Es zeh toch’lu mi’kol asher ba’mayim kol asher lo snapir v’kaskeses tocheilu (Devarim 14:9)
For a fish to be kosher, the Torah requires that it have fins and scales. The Mishnah (Niddah 6:9) teaches that every fish with scales has fins, but some possess fins without scales. In light of this, the Gemara (Chullin 66b) questions why the Torah gives two requirements to determine a fish’s kashrus. Wouldn’t it have sufficed to make it solely dependent on scales, which are always accompanied by fins? The Gemara cryptically answers that the Torah did so l’hagdil Torah u’l’haadirah — to make the Torah great and mighty. How is this perplexing statement to be understood?
The Zayis Raanan (the commentary of the Magen Avraham on the Yalkut Shimoni) brilliantly elucidates the Gemara’s answer. In his notes on the Rosh’s commentary in Chullin, the Maadanei Yom Tov (3:67 s.k. 5) relates a fascinating episode. Rav Aharon HaRofei brought before him a poisonous marine animal, known in Latin as stinkus marinus, which clearly possessed scales. In contradiction to the Mishnah’s claim, it had four small legs in lieu of fins.
The Zayis Raanan suggests that Chazal were aware of this creature’s existence. They also recognized that independent of the laws of kashrus, people would instinctively avoid eating this poisonous animal. They therefore weren’t concerned that their categorical statement, which seems to permit its consumption, would lead to any practical problems.
The Gemara in Makkos (23b) teaches that because Hashem wanted to give us merits, He increased the number of mitzvos for us to perform, as the verse says “Hashem chafetz l’maan tzidko yagdil Torah v’yaadir” — the same expression used by the Gemara with which we began. Rashi explains that there are many mitzvos, such as the prohibition against eating bugs, which a person would observe independent of the commandment involved. Because Hashem wanted us to accrue additional merits, He forbade them so that we would receive reward for actions which we would perform regardless, but which now have the status of mitzvos.
With this introduction, we can understand the Gemara with which we began. The Gemara questioned why the Torah mentions fins as a requirement for kosher fish when it would have sufficed to mention only scales. However, had the Torah done so, the stinkus marinus would technically be kosher, as it possesses scales. The additional requirement of fins comes to render this animal forbidden.
This is difficult to understand, as this creature is poisonous and people would anyway avoid it. Why was it necessary to add the requirement of fins to exclude it? Based on Rashi’s explanation that Hashem made the Torah great with extra mitzvos to give us reward for what we would have done regardless, we may suggest that this is the intention of the Gemara in Chullin in quoting the same verse. Hashem made the Torah great by adding the requirement of fins to render the stinkus marinus non-kosher and give us reward for following our natural instincts to avoid it!
Parashah Q & A
Q: Why does the Torah repeat (13:1) the prohibition against adding to or subtracting from the commandments, which was already taught in Parashas Va’eschanan (4:2)?
Q: The Torah prohibits (14:1) various forms of mourning the death of loved ones. Why is the mourning period for the more natural and frequent loss of a parent longer (12 months) than that for the unnatural and seemingly more traumatic loss of a child (30 days)?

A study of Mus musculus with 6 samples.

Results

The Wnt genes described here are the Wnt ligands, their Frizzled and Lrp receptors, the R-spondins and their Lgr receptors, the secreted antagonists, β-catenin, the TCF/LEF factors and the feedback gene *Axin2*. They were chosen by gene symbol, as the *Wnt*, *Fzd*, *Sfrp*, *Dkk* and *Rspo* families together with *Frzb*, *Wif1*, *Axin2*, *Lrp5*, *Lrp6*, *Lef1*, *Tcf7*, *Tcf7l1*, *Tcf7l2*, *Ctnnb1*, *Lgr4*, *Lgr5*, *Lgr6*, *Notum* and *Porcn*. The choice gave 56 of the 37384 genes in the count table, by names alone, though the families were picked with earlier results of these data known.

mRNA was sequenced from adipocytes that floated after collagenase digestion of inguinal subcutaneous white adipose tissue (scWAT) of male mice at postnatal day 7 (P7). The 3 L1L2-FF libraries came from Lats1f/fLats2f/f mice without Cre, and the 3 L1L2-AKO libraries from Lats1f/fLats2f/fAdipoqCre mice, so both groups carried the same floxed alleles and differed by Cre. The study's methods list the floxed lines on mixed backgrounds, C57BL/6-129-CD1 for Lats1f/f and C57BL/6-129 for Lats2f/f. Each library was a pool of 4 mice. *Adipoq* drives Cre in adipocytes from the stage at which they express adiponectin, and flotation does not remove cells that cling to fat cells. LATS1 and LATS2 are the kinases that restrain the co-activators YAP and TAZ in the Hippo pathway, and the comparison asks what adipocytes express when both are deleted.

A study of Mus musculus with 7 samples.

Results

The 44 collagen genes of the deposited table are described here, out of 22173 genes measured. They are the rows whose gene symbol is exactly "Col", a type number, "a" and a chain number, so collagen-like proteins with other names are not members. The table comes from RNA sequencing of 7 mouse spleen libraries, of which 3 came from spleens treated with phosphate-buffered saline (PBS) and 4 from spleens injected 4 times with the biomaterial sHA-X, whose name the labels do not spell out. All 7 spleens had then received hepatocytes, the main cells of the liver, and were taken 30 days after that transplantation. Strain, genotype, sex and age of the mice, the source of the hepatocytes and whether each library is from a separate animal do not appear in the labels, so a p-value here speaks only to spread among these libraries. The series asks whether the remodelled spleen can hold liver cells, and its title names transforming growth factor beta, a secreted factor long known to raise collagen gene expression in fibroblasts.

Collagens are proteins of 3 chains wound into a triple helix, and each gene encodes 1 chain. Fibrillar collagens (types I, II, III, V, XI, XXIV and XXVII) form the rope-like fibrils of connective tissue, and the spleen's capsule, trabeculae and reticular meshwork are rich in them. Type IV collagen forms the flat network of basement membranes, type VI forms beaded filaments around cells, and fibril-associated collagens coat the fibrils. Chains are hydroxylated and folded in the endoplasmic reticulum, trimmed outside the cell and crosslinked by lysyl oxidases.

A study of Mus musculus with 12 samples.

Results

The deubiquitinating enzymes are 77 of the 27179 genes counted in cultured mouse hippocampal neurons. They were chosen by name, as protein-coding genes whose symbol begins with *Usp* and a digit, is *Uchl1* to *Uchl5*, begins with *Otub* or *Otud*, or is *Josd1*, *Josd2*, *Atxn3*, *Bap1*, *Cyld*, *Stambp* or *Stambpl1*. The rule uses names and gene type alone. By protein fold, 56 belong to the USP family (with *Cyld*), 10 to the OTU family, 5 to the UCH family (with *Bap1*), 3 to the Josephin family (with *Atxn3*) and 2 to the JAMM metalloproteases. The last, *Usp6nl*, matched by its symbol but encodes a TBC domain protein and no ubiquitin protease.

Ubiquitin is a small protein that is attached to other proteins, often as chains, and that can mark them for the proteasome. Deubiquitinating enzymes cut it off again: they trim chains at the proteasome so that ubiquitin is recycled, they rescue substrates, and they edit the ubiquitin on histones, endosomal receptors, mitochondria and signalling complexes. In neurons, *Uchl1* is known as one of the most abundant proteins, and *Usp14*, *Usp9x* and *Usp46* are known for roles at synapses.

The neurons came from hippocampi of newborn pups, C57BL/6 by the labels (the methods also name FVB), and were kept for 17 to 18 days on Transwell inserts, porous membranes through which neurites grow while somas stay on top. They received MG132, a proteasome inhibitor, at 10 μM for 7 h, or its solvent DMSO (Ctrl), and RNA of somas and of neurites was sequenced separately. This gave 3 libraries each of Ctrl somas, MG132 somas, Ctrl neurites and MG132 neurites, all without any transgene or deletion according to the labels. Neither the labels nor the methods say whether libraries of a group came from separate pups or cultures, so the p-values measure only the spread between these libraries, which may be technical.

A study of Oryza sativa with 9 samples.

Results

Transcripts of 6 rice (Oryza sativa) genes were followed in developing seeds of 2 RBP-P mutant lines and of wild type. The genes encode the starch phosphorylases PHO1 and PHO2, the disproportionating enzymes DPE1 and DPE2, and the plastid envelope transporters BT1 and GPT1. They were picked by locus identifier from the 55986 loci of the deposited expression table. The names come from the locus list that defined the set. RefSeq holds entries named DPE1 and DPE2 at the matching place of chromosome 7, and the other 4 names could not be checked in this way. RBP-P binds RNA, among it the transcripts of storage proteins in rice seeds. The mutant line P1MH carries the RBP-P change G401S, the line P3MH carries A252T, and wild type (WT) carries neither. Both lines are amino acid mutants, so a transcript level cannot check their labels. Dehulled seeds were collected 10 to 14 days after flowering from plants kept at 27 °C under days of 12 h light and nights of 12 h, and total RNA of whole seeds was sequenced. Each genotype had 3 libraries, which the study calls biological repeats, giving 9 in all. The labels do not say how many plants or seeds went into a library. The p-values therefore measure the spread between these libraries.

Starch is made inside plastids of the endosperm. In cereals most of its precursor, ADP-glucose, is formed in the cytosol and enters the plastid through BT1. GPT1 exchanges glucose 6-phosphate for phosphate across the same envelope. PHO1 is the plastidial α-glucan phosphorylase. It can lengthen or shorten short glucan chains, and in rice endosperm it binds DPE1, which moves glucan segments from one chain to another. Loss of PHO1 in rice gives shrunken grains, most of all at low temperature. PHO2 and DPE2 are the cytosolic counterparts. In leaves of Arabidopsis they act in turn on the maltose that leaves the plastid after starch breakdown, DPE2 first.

A: The Vilna Gaon explains that although these two commandments seem identical, they are in fact different. In Parashas Va’eschanan, the Torah forbids adding an additional mitzvah to the 613 in the Torah, or removing one of them. In Parashas Re’eh, the Torah prohibits adding to or taking away from the details of one of the mitzvos, such as placing tzitzis on a garment with three or five corners. This is alluded to in the words of the verse, which emphasizes that all of the words which I have commanded you — in other words, the mitzvos themselves — shall be observed in that form without any additions or subtractions.
A: This question was raised when Harav Yitzchok Hutner, zt”l, and Harav Pinchas Teitz, zt”l, went to comfort Harav Yosef Dov Soloveitchik, zt”l, when he was mourning the death of his wife, a”h. Harav Hutner suggested that with the death of a parent, a person becomes more removed from his connection to the giving of the Torah at Mount Sinai, which requires additional mourning. Harav Teitz pointed out that all other relatives can be “replaced” — a person can remarry, have additional children or gain new siblings through his parents having children. The only relative for whom there can be no substitute is a parent, and this unique status merits additional mourning. Harav Soloveitchik posited that the question itself contains the answer. Because the death of other relatives is less natural, our Sages were concerned that a person may overdo his bereavement if he was permitted to absorb himself in his grief, so they limited the mourning period to 30 days, a concern which isn’t applicable to the natural death of a parent. Finally, Harav Yosef Sorotzkin, zt”l, suggests that a person needs the advice of his parents for his entire life. When a parent dies, a child must focus on remembering and internalizing his or her values and priorities, which will guide him for the rest of his life. He does so by mourning the loss and focusing on the memories for an entire year, for this period contains all of the festivals and different periods in life through which a person passes.
Originally from Kansas City, Rabbi Ozer Alport graduated from Harvard, learned in Mir Yerushalayim for five years, and now lives in Brooklyn, where he learns in Yeshivas Beis Yosef, is the author of the recently-published sefer Parsha Potpourri, and gives weekly shiurim. To send comments to the author or to receive his Divrei Torah weekly, please email oalport@Hamodia.com.